Brute-Force Protection

Brute-force protection safeguards against a single IP address attacking a single user account. When the same IP address tries and fails multiple times to log in as the same user, brute-force protection:

  • Sends email to the affected user.

  • Blocks the suspicious IP address from logging in as that user.

If an IP address is blocked due to brute-force protection, it remains blocked until one of these events occurs:

  • The affected user selects the unblock link in the email notification (if configured).

  • The affected user changes their password (on all linked accounts).

  • An administrator removes the block.

  • An administrator raises the Login Threshold described below.

In cases where a user's account (email) is linked through multiple connections, such as an OTP account and a database account, and they change their password on only one, the block will not be removed. The user must change their passwords on each account (connection type).

Configure brute-force protection

Auth0 strongly recommends that you do not disable brute-force protection for the connection. If you disable it, you can enable it again using the Dashboard.

Enabling attack protection features without any response settings enabled activates Monitoring mode, which records related events in your tenant log only. To learn more, read View Attack Protection Log Events.

  1. Go to Dashboard > Security > Attack Protection and select Brute-force Protection. Enable the toggle at the top of the page if it is disabled.

    Dashboard Security Attack Protection Brute-force Protection

  2. In the Detection section:

    1. In Maximum Attempts, set the number of consecutive, failed login attempts that trigger a block. The default number of attempts is 10, the minimum is 1, and the maximum is 100. Changing this setting does not restart Auth0’s count of login attempts. Increasing the number raises the threshold, and so can unblock users who were previously blocked. Decreasing the number lowers the threshold, and so can block users. In default mode (Account Lockout disabled), the threshold is the number of failed logins by a user identifier from a specific IP address. If you enable Account Lockout mode, the threshold is the number of failed logins from a user identifier irrespective of IP address.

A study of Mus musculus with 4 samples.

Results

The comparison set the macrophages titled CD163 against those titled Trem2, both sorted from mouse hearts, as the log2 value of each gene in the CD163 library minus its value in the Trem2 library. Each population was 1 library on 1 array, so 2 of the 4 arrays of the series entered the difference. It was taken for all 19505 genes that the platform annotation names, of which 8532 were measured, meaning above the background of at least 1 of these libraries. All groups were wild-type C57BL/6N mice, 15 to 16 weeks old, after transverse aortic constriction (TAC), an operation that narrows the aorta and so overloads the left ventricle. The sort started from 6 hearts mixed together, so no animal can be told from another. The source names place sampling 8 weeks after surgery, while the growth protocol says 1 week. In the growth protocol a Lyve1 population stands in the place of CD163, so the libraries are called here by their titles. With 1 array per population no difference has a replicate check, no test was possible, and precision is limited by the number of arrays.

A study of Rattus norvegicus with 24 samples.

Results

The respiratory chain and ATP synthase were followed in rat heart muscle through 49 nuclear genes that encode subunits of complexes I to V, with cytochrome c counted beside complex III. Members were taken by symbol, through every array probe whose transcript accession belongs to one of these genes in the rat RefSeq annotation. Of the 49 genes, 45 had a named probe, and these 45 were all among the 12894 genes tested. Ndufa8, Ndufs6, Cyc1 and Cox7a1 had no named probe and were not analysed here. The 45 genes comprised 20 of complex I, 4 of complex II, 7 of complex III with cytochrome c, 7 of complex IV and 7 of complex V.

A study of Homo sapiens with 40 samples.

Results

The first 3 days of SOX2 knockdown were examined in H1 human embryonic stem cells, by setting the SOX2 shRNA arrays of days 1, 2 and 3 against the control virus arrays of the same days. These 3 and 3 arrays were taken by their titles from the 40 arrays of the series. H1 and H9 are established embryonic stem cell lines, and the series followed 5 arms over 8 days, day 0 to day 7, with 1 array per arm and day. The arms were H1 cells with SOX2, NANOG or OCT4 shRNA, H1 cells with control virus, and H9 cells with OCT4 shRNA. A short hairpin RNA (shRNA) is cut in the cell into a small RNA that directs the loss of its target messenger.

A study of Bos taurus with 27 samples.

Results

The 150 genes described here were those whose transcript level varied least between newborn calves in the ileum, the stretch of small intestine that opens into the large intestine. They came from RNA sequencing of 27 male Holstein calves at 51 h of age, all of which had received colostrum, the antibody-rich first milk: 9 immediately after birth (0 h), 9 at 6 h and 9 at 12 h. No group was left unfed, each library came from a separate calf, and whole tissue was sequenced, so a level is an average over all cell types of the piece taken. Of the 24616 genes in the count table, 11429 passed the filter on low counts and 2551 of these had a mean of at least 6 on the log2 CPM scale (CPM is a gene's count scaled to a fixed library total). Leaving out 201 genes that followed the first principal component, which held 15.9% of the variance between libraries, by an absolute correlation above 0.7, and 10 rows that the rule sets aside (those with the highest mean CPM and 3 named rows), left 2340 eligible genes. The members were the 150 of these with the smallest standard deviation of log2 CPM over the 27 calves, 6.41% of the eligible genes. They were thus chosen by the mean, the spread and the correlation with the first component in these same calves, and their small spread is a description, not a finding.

2. Under IP AllowList, enter the list of trusted IP addresses from which your users can access your resources. You can specify multiple addresses.

  3. In the Response section:

    1. Under Block Settings, enable the Block Brute-force Logins toggle to block attempts from suspicious IP addresses to safeguard against brute-force attacks that occur from a single IP address and target a single user account.

    2. By default, the Account Lockout toggle is disabled. In this mode, if a user attempts to log in from an IP address and consecutively fails above the number you set in the threshold above, future login attempts from that user at that IP address will be blocked. Other users attempting to log in from that IP address will not be blocked. Enable Account Lockout to trigger blocks irrespective of IP address. In this mode, if a user attempts to log in from any IP address and consecutively fails above the number you set in the threshold above, future login attempts from that user from any IP address will be blocked.

    3. Under Notifications, enable the Send notifications to the affected users toggle to send an email notification to the user when their account has been blocked.

  4. Click Save.

Special use cases

Because brute-force protection depends on the IP address of the user, the following use cases require additional configuration:

  • If you use the Resource Owner Password Grant from the backend of the application: Using this call does not get the IP address of the user; however, to make brute-force protection work correctly, you can configure your application and send the IP address of the user as part of the request.

  • If you authenticate a large number of users from the same IP address: Users who are behind a proxy area more likely to reach set limits and trigger brute-force protection.

To learn more, read Avoid Common Issues with Resource Owner Password Flow and Attack Protection.